Friday, October 10, 2014


(translated by SAM GARRETT, review based on an advance reading copy)

I have been meaning to read Koch’s bestselling novel THE DINNER since, well, before it was published. I have heard nothing but good things from readers with vastly different tastes who vaguely describe the story as a seemingly simply dinner between two middle class families that gradually unfolds into something far more unsettling. Though I honestly do very much want to read it, I kept pushing THE DINNER farther back on my to-read list to accommodate something else. So when the publisher sent me an ARC of SUMMER HOUSE WITH SWIMMING POOL I (forgive me) dived right in.

Already I can see parallels in how I heard THE DINNER described and how I would describe SUMMER HOUSE WITH SWIMMING POOL. For starters, it’s frankly plain difficult to describe any of the plot without giving much away. When you strip your description of spoilers, the story sounds bland, but trust me, SUMMER HOUSE WITH SWIMMING POOL is quite the opposite of bland. Here goes my simplistic summary: our protagonist Dr. Marc Schlosser owns his own practice where he primarily treats celebrities. The book opens after one his patients, the famous actor Ralph Meier, has died and before long Ralph’s wife comes storming into Marc’s waiting room and accuses him of murder. (Maybe that didn’t sound so bland after all!) From there, the book backtracks to tell the story leading up to this outrageous accusation.

A great part of what makes this such a fascinating read is that I had no idea if Marc had indeed deliberately murdered Ralph. Right from start, before any dramatic accusations, Marc creeped me out. From pretty much the first sentence, I fervently admired the writing. Koch demonstrates how immensely word choice affects interpretation. For the first few chapters Marc talks more about his practice in general than the conflict with Ralph’s widow Judith. Yet the way Marc talks about his patients unnerved me. He’s so clinical and detached. Brutally, indifferently direct. Even the way he talks about his family (a wife and two preteen daughters) feels overly clinical. From the start the book has a nefarious feel. Did Marc murder Ralph? Has he murdered anyone else? Or is he in fact innocent, nothing more than a doctor growing weary and disillusioned with his job? After all, a callous attitude isn’t proof of guilt, but it does make one suspicious. 

Brilliant writing. Superb. I know I’ve already mentioned as much, but it bears repeating. Koch really wowed me throughout this entire book with his control of language. And Sam Garrett, I should mention, who translated this from the original Dutch. The writing, and by extension the tone, is what pulled me into this story so quickly and what kept me utterly absorbed until the end. I read multiple books at a time, so it’s especially telling when one emerges from the pile and demands my singular attention. SUMMER HOUSE WITH SWIMMING POOL was one of those books. Less than halfway through, I found myself ignoring the rest of my stack while I finished this one, reading it everywhere I could: at the dinner table, at the gym, while walking down the stairs, etc.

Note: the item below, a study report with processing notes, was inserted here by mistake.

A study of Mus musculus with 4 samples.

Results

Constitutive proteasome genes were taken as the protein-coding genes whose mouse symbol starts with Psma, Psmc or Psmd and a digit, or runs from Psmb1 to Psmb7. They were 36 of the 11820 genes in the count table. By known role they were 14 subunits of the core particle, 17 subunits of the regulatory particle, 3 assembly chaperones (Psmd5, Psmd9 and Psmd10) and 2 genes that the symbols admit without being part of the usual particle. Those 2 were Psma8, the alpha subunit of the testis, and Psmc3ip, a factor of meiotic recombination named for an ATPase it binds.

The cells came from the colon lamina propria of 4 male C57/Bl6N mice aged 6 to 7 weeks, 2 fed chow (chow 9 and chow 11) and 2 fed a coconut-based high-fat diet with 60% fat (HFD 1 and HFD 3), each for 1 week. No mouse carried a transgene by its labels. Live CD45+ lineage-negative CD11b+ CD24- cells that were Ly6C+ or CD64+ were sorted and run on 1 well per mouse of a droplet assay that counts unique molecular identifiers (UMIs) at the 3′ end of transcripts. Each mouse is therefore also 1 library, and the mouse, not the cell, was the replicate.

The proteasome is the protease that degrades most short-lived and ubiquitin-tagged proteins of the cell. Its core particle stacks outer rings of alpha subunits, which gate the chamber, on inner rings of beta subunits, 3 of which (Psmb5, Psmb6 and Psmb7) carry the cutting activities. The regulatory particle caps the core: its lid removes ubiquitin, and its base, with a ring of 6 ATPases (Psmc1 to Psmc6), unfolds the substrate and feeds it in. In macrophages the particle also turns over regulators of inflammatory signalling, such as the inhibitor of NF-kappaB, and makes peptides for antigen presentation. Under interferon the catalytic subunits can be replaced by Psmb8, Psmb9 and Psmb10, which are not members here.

Marc is an intriguing protagonist. He makes what I would consider ethically wrong decisions, except he doesn't even think about the ethics of his actions. Instead he focuses on how he can take these actions without any negative consequences. In other words, he focuses on getting away with it rather than grappling with guilt. I don’t find this unbelievable, but it definitely added to the creepiness factor. And it’s one of many themes that make this novel extremely discussion and, hence, book group worthy.

The ending strikes a surprisingly different tone than the rest of the book, one that still gave me chills but in a very different way. Of course, I want to avoid spoilers, so I’ll only say that it’s bittersweet and a little unexpectedly heartwarming for such an overall unsettling novel. Add the ending to the list of specifics worth further discussion.

SUMMER HOUSE WITH SWIMMING POOL is consistently addictive and compelling. The book commanded my full attention even during simplistic sounding scenes because the writing and psychological implications are so mesmerizing. I expect I’ll still be thinking about this one for a while yet.